1 Corinthians 9
Paul has been critical of the Corinthians for using their freedom, knowledge, and rights to tear down and turn off fellow believers and non-believers. He contrasts this with the model of Jesus he follows, “For though I am free from all, I have made myself a servant to all, that I might win more of them.” He explains that to the Jews, he became a Jew. To those under the law, he became one under the law. To the one on the outside, he became one on the outside. To the weak, he became weak. He became all things to all people. Paul is sensitive to where people are and attempts to identify with them and meet them there.
Our first thought may be that this seems very inconsistent. But an important key to each statement Paul makes is the “so that” which follows…he did all these things SO THAT he might win them to Christ, save them, share with them in the gospel’s blessings. The one consistency was the goal of making Jesus knows as Messiah, Lord, and Savior. He never wanted anything unnecessarily to get in the way of the most important message they will ever hear.
Paul’s approach often brings about questions… Are we at risk for compromising ourselves or the message in our attempt to join people where they are? To what extent do we take it? Where is the line not to be crossed?
Steven Cole says, “Paul shows us three things about how he preached the gospel boldly and yet avoided needless personal offense: There is an attitude to adopt; a perception to gain; and, a balance to maintain.”
What is our heart attitude and motive? Paul’s posture is that of a servant whose main goal is to win others to Christ; to save souls. It isn’t to fit in, blend in, and be accepted for personal gain. His motive is love and leading people to Christ. Period.
What is our message? Paul’s message never changed. It was the Gospel. The truth that we are sinners in need of a Savior. That Jesus came and paid the price for our sin in full. And not only that, He gave us His righteousness. Paul’s doctrine and message never wavered. But what did change was his approach and behavior at times. He took into account where those he was trying to reach were…spiritually, culturally, behaviorally, attitudinally. Cole summarizes, “Paul’s overall point is that we need to understand where a person is at and not to do things in our behavior or manners that needlessly offend them. The message of the cross may well offend them, but we should not be personally offensive to them. Don’t make non-gospel issues the issue. Make the gospel the issue.”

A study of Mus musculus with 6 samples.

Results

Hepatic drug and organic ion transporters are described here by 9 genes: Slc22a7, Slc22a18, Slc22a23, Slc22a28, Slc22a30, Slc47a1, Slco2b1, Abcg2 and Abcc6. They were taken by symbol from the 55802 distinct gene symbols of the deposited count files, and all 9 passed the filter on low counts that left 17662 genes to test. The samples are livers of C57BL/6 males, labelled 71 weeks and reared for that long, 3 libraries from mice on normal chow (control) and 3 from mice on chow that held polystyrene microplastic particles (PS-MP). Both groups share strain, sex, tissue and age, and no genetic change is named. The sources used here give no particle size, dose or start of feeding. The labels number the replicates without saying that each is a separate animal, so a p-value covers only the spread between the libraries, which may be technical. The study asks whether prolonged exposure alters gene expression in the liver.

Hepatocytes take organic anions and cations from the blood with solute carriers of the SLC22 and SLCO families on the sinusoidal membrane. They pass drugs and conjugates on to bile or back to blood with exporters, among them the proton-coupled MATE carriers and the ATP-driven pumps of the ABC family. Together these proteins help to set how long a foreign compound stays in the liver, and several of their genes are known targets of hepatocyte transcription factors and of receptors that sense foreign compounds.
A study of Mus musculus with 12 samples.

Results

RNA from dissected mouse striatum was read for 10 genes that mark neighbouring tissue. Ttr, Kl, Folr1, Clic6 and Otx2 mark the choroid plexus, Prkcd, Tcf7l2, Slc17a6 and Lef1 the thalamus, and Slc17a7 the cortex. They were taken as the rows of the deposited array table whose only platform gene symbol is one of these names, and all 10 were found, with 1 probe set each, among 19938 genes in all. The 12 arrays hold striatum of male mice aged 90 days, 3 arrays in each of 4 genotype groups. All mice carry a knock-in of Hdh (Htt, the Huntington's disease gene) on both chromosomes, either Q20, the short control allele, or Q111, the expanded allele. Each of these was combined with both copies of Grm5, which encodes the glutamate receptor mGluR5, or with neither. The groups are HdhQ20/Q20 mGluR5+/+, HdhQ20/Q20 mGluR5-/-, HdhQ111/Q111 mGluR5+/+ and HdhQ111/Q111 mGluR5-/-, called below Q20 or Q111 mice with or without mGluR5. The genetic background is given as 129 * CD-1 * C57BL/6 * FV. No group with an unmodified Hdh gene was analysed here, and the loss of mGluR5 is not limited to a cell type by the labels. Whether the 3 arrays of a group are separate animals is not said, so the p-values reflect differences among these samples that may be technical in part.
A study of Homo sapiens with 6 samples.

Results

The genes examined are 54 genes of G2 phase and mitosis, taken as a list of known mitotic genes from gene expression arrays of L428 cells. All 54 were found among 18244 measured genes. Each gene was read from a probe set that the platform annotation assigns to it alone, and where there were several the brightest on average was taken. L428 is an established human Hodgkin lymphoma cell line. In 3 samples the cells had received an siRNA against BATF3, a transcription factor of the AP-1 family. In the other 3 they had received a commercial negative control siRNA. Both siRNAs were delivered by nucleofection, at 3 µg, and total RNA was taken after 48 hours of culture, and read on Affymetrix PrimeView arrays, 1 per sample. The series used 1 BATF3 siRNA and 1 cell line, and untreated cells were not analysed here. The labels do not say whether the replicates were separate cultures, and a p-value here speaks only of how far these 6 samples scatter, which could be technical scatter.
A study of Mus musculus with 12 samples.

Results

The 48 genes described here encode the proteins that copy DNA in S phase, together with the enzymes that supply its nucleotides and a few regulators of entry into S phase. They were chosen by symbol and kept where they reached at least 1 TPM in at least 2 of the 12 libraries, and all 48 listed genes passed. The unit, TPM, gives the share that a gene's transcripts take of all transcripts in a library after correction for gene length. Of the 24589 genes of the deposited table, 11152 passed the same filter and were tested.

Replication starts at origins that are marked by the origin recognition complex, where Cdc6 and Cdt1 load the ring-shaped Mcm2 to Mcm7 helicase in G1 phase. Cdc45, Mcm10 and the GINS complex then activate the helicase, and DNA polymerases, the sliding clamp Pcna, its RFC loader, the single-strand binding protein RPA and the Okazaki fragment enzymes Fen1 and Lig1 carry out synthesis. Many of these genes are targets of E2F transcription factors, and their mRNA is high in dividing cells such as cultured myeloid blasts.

As we are in the world, who is being influenced? We never compromise on our obedience. We never sin to reach people where they are. This is never where God will call us. As we meet people where they are, who is being influenced?
John Piper offers two checks for us to consider: 1. Are you becoming more worldly-minded than they are becoming spiritually-minded? If so, you have probably crossed the line of the law of Christ. Christ does not call you to lose your holiness, but to gain theirs. 2. Is your passion for winning your friends and family growing, or is it shrinking as you become all things to them? If it is shrinking, then you are not in the law of Christ at that point.
God, give us wisdom, courage, and discernment to meet people where they are. To go after the lost, even if it means sacrificing some of our liberties, comforts, and rights. And may we always have the goal of winning them to You above all else.